What’s on at the 142nd AES Convention15 May 2017
Described as Europe’s “premier pro-audio education and networking event”, the 142nd AES Convention will be held at the Maritim Hotel in the creative heart of Berlin later this month. Convention co-chairs Professor Sascha Spors from University of Rostock (and also chair of the AES North German Section) and Nadja Wallaszkovits, chief audio engineer at Phonogrammarchiv, Austrian Academy of Sciences, have arranged a rich and varied technical programme, including papers and presentations from such luminaries as engineer Morten Lindberg, sound designer Richard King and producer George Massenburg, together with David Miles Huber and André Maletz (on electronic-music production), Darcy Proper and Jonathan Wyner (on mastering), plus Chris Pike, Paul Morgan and Matthieu Parmentier (on broadcasting).
Digital coding presenters include Juergen Herre and Jamie Angus, joining transducer measurement and perception experts Sean Olive, Wolfgang Klippela and Christopher Struck. Student and career events range from the Education Fair to Student Delegate Assembly, plus recording and design competitions.
“Our European members comprise one of the most innovative segments of our global membership,” states AES president-elect David Scheirman, who assumes his post this October. “The Berlin Convention is going to be an energetic gathering place for attendees ranging from Serbia, Turkey and Poland, to Denmark, Belgium and Austria. In the near-term, the Society hopes to engage these many members, and evolve to better serve their unique needs and interests.”
The four-day programme comprises presentations that will cover the latest developments in audio research through workshops, tutorials, technical tours, plus student and career development events. More than 100 paper presentations will cover live sound, game audio, product design, recording and production, ranging from loudspeaker design to 3D audio rendering, guitar-tone perception analysis, on-line collaboration and beyond. The workshop sessions will embrace a wide swath of topics, ranging from music mixing and metadata, to audio encoding, mics and virtual reality. A full tutorial program will focus on signal processing in music production, streaming, audio forensics and creating audio for VR.
The convention’s Heyser Memorial Lecture, entitled “A Historic Journey in Audio-Reality: From Mono to Ambeo,” will be given by Dr. Jörg Sennheiser, who joined the family business in 1976 as technical director and in 1982 took over management as executive shareholder. Sennheiser completed his doctorate at the ETHZ Institute of Telecommunications Engineering with a thesis in 1973 on “Sound radiation from thin sheet metals”. His many years of experience in electro-acoustics will provide a backdrop to his in-depth discussion of the evolution of audio and the listening experience. The need for more emotionality in the hearing experience, he will argue – especially together with visual presentations – has resulted in a need for new approaches and solutions throughout the workflow in the entertainment industry, including gaming and augmented/virtual reality that call for immersive audio technologies.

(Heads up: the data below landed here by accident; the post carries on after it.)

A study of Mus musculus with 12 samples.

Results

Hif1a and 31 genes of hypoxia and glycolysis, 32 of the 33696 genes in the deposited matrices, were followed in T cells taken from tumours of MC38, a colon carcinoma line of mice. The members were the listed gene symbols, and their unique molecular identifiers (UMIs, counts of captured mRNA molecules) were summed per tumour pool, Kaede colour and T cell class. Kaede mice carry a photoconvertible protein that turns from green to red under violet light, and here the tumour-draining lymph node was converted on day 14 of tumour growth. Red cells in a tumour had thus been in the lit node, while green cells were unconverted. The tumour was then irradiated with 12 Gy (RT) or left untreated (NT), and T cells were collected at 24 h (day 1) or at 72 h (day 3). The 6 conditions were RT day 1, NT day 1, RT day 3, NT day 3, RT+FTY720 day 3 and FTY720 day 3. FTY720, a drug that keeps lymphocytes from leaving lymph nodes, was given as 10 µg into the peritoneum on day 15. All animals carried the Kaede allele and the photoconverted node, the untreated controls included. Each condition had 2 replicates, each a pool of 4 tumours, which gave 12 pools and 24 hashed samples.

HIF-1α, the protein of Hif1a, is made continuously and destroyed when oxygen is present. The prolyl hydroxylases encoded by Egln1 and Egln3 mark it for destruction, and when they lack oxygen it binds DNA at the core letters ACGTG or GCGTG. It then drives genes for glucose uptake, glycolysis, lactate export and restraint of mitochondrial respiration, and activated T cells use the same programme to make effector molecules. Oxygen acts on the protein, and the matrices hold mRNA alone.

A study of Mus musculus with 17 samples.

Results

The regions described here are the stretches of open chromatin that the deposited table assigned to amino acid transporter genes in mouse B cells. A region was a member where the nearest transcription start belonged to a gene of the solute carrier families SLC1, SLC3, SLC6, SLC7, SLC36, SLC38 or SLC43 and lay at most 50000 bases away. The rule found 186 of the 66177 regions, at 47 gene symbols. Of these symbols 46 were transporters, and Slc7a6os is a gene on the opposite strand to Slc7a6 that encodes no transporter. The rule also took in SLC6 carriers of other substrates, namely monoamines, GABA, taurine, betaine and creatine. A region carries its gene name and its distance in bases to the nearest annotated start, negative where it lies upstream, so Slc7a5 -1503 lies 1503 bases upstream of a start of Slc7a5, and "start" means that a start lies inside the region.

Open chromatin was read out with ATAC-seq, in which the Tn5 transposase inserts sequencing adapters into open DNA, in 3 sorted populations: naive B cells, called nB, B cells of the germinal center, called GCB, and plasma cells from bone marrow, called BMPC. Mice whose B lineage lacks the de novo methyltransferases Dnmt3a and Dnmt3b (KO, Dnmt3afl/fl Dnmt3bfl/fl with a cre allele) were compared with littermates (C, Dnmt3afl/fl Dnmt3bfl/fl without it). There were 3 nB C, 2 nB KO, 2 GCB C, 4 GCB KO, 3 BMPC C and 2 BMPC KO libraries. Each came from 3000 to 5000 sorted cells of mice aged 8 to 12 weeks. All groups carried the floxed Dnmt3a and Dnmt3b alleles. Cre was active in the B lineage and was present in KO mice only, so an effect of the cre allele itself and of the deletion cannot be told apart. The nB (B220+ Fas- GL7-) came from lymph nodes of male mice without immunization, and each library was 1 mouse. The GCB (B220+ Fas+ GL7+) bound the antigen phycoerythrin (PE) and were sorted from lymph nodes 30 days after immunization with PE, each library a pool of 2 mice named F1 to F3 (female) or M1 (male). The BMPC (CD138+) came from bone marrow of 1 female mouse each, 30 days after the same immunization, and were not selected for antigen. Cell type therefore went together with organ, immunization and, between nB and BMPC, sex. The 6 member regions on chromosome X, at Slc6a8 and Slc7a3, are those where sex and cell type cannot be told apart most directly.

A two-part Special Event chaired by André Maletz will focus on Berlin’s growth as a centre for electronic-music production and sound design, with panelists Jan-Michael Kühn, Richard Roloff, Andreas Schneider and Brian Smith. Since the 1980s, Berlin has developed into a vivid creative environment with clubs, studios, festivals, creative communities and more, all of which have impacted professional audio.
A number of Technical Tours have been arranged to the Museum of Communications, Emil Berliner Studio and educational facilities throughout the area. Other venues on the tours include Meistersaal/Hansastudio (where David Bowie and Depeche Mode all recorded) together with HEDD Audio, nHow Studio, Tegeler Audio Manufaktur, Stage Tec, Riverside Studios, SAE Institute Berlin and Funkhaus Studios.
One stand-out session entitled “Loudness War II: The Streaming Battle,” to be chaired by Florian Camerer, will consider loudness normalisation for emerging platforms.
The traditional organ concert by co-presenters Sigrid Erbe-Sporer and Francis Rumsey – this year entitled “Jazz Meets Classical” – will offer a new twist, with classical themes morphing into jazz style played on one of the city’s finest pipe organs in the St Matthias church.
AES executive director Bob Moses is optimistic about the value of European Conventions. “In this rapidly changing world, audio professionals can benefit from sharing their needs and ideas to work out solutions that might become the next big music format or the next media delivery service,” he told PSNEurope. “That communication doesn’t happen over Facebook; it happens at our conventions and conferences, which is where the world’s top minds push forward innovation. If you’re an AES Member in Croatia, or Berlin, or Seattle, you need up-to-date knowledge, skills, relationships, and opportunities to succeed in this brave new world of home recording, digital delivery and evolving formats.”
Europe remains a challenge, however, because of its fragmentation. “There seems to be a trend toward further separation and isolation, propelled by forces much stronger than our small community,” states Moses. “AES has to be agile and bring people together so they can bring solutions back to their respective communities. Ideally, these challenges bring people together to create viable solutions – they do not divide and conquer us.”
At press time, the companion exhibition had attracted several dozen companies and distributors, together with a Dante Audio Networking pavilion, where a number of booths will be Dante networked; these and other exhibitors also will participate in educational sessions to be held on the Prosound Expo stage.